Apparently, even if you make your payments on time and in full every month, you’re still in danger of getting thrown out of your residence. Sandra Pearson almost learned this lesson the hard way. She was featured in a story on CNN Money’s website on Thursday, because she was nearly thrown out of her rented home in Santa Maria, California after her landlord stopped making his mortgage payments and had his lender foreclose on the property.
Even though Pearson made her payments on time and in full every month, and her lease was through June 2010, in October 2009 she received a notice to vacate from the lender, and now landlord, First Franklin Bank.
Citing the Protecting Tenants at Foreclosure Act, an act signed by congress last May stating that as long as a tenant pays rent on time, the lender has to honor the remainder of the lease, Pearson was able to stay in her home. In December, First Franklin crumbled and OneWest Bank took over as her new landlord, and once again tried to muscle her out of the home.
And this is far from an isolated incident. In doing some more research on this subject, it seems that this is becoming a relatively common practice. Thousands, if not millions, of people bought homes during the boom years with the intent of renting the homes out while waiting for property values to skyrocket, and were planning on selling for huge profits once they did. When things took a turn for the worse, many of these investors simply decided to default on the mortgage and let the lenders foreclose.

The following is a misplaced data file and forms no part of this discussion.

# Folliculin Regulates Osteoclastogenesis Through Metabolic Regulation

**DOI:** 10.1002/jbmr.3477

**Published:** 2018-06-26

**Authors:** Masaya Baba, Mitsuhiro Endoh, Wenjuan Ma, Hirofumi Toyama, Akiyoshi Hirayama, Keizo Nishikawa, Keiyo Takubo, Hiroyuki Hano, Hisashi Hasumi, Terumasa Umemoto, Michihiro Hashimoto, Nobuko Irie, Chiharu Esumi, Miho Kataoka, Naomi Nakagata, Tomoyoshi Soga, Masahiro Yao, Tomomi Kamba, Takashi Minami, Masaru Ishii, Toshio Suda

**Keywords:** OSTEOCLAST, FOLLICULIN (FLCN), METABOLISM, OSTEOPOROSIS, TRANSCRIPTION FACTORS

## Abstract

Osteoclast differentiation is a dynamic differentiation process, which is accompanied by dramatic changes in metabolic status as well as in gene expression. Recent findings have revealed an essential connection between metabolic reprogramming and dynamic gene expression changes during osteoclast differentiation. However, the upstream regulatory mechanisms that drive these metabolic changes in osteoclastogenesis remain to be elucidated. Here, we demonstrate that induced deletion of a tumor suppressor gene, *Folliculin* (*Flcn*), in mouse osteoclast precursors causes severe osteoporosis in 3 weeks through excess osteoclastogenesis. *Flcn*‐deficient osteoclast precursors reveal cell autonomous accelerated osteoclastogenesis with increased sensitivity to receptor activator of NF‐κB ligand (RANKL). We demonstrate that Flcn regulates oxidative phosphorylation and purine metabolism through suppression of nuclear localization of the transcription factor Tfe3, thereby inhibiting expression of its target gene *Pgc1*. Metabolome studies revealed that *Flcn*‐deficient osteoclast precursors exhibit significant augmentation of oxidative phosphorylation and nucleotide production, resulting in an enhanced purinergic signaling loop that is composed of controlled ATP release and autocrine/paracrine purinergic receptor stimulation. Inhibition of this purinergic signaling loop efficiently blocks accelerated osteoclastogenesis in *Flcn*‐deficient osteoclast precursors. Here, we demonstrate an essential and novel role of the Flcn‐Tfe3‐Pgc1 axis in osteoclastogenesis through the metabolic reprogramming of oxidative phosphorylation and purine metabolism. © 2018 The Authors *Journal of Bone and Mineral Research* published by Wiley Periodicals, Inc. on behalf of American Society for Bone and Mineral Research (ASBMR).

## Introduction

And despite the Protecting Tenants at Foreclosure Act, there have been thousands of reports of lenders, and agents representing them – usually law firms or realtors – trying to strong arm tenants of foreclosed homes out even though they have honored their end of the lease terms.
The fact that lenders are trying to use scare tactics isn’t all that surprising, or even newsworthy. Anyone who’s ever missed a mortgage payment or tried to get a loan modification from their lender knows that pretty much all lenders use scare tactics to get what they want. What seems most interesting about this story is this: Why, in a real estate market where defaults are running rampant and prices are supposedly on the rise, would these lenders be so quick to force out a reliable tenant and give up the steady income while property values increase and they can then sell the home for more money?
The only logical conclusion one can reasonably come to, is that despite many reports by those in the mortgage and real estate industry that the worst is over and things are on the mend, perhaps those who are the most informed know something that they’re not telling us – namely that the worst is not behind us, and we’re in for another wave of foreclosures and dip in home values?
There is definitely recent information that supports this theory. Recent reports by both Moody’s and Standard & Poors expect a huge wave of new foreclosures in the coming months, citing the failure of the governments Making Home Affordable program, the unwillingness of many banks to modify home loans, and the general weakness that’s still prevalent in the economy.
Is there any other reason why banks would be trying to defy orders from the federal government just to throw away a stable monthly payment, other than to try and dump these homes on unsuspecting home buyers before things get any worse? If there is, they certainly aren’t telling us.